Canaan dog is a breed of pariah dog, and has been part of the Middle Eastern landscape for thousands of years. It may have existed in the Eastern Mediterranean seaboard for millennia, as referenced in ancient cravings and drawings. There are 2,000 to 3,000 Canaan dogs across the world, mostly in Europe and North America.
The Canaan dogs originated as a primitive feral in ancient Canaan, where the Canaanites and Israelites lived, roughly corresponding to the region encompassing modern-day Israel, Lebanon and the western parts of Jordan.
This is one of the oldest dogs of the biblical times. The caves of Einan and HaYonim are sites in which the oldest remains of dogs have been found (more than 10,000 years ago). In Old Testament, there are a number of references to roaming dogs and dogs that worked for humans. In the Sinai Desert, a rock carving, from the first to third century AD, depicts a dog of the size and shape similar to Canaan type dog.
In Ashkelon, a graveyard of the fifth century BC was found which contained around 700 dogs, all carefully buried in the same position, on their sides with legs flexed and tail tucked in around the hind legs. According to the Archaeologists, there was a strong similarity between these dogs and the Canaan dog. During 1930s, Dr. Rudolphina Menxel came up with the idea to use these intelligent scavenger dogs found in the desert, as guard dogs for the scattered settlements. She captured a select group of semi-wild individuals, tamed, trained and bred them. She found these dogs highly adaptable, trainable and easily domesticated. It took her about six months to capture her first dog and within a few weeks she was able to take him out into the town and even in buses. She began a breeding program in 1934, providing working dogs for military and pups as the pets and home guard dogs. She initiated a selective breeding program to produce the breed known today as the Canaan dog.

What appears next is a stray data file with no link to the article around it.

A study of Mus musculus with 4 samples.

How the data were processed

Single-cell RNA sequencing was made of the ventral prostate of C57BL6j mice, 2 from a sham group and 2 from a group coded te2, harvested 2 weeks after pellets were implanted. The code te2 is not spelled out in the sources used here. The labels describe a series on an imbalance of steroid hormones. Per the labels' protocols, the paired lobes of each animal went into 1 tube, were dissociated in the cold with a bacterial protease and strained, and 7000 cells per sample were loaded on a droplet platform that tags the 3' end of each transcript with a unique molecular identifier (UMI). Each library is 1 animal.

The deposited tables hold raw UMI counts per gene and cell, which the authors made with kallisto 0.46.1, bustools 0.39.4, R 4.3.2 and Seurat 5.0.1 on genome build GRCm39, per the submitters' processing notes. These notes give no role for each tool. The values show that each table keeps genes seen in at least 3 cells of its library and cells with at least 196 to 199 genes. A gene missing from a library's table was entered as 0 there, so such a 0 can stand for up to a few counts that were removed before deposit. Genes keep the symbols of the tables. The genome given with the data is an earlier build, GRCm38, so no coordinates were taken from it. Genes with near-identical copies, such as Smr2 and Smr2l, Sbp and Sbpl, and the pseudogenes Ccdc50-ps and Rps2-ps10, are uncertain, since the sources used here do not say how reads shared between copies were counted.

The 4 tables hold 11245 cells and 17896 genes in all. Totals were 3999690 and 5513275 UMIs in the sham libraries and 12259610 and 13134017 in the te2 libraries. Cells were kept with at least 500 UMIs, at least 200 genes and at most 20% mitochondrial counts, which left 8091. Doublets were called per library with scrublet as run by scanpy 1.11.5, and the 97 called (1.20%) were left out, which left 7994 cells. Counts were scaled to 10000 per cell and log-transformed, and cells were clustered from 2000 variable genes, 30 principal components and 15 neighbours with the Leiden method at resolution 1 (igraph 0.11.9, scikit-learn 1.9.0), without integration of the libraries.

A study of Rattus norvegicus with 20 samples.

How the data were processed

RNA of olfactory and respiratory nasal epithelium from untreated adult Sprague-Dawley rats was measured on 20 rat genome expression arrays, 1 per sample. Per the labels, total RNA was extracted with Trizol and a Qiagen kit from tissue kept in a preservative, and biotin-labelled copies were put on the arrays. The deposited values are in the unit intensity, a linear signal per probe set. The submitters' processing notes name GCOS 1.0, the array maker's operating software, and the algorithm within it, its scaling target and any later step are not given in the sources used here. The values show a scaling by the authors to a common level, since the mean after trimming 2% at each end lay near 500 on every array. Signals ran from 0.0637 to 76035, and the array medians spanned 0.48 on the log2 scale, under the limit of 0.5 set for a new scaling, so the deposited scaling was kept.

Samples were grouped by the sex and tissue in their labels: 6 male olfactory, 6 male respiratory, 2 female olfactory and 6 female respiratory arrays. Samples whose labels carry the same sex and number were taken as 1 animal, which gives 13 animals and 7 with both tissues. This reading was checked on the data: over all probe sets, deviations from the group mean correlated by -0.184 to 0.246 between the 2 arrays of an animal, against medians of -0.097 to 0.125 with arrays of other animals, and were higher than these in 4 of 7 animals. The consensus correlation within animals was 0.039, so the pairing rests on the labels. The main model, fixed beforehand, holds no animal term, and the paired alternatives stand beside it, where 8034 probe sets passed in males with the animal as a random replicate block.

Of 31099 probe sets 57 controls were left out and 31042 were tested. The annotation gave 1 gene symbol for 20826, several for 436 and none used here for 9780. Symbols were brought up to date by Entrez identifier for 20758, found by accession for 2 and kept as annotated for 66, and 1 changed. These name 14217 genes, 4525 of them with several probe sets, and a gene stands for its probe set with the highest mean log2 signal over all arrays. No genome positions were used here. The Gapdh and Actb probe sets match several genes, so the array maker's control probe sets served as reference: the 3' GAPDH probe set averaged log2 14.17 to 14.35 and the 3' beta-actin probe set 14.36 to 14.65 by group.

Many of the Canaan dogs living in the open were destroyed by the Israeli government in the fight against rabies. The spread of the human population into areas that were formerly isolated, along with their pets has also caused a loss in the natural habitat of the Canaan.
The Canaan do is a typical primitive dog in appearance. It is a medium sized square built dog, with a wedge-shaped head. It has erect and low set ears with a broad base and rounded tips. Its outer coat is dense, harsh and straight of short to medium-length. The undercoat should be close and profuse according to the season. Colour ranges from black to cream and all shades of brown and red, usually with small white markings or all white with colour patches. Spotting of all kinds is permitted along with the white or black masks.
Rudolphina Menzel classified these canines into four types:
- Heavy, sheepdog appearance
- Dingo-like appearance
- Border Collie appearance
- Greyhound appearance
Menzel concluded that the Canaan dog is a derivative of the Type III pariah-the collie type.
Canaan dogs have a strong survival instinct. They are quick to react on the strangers and will alert to any disturbances with prompt barking, thus making them excellent watchdogs.
They are defensive but not aggressive and are very good with the children in the family, but may wary of other children and can be defensive if the child is playing with another child. They are intelligent and learn quickly but get bored with repetitive tasks and may not pay attention if find something more interesting.
Canaan dogs can compete in dog agility trials, obedience, and showmanship, flyball, tracking and herding events. Herding instincts and trainability can be checked at non competitive herding tests.
In general, the Canaan dog does not suffer form known hereditary problems. Although this breed is one of the healthiest breed, George A. Padgett. DVM, listed diseases that have been seen, at one time or another, in it: hypothyroidism, epilepsy, progressive retina atrophy (PRA), cryptorchidism, hip dysplasia, elbow dysplasia, luxating patella and osteochondritis dissecans (OCD).
It was first recognized by the Israel Kennel Club in 1953 and by the FCI in 1966. The first accepted standard was written by Dr. Menzel.
The Kennel Club in the United Kingdom officially recognized the Canaal Dog in December 1970.
The Canaan Dog is today recognized by the entire world’s kennel clubs and is being bred in many countries. There are breed clubs in the U.S., Canada, the UK, Finland, Germany, France and Israel.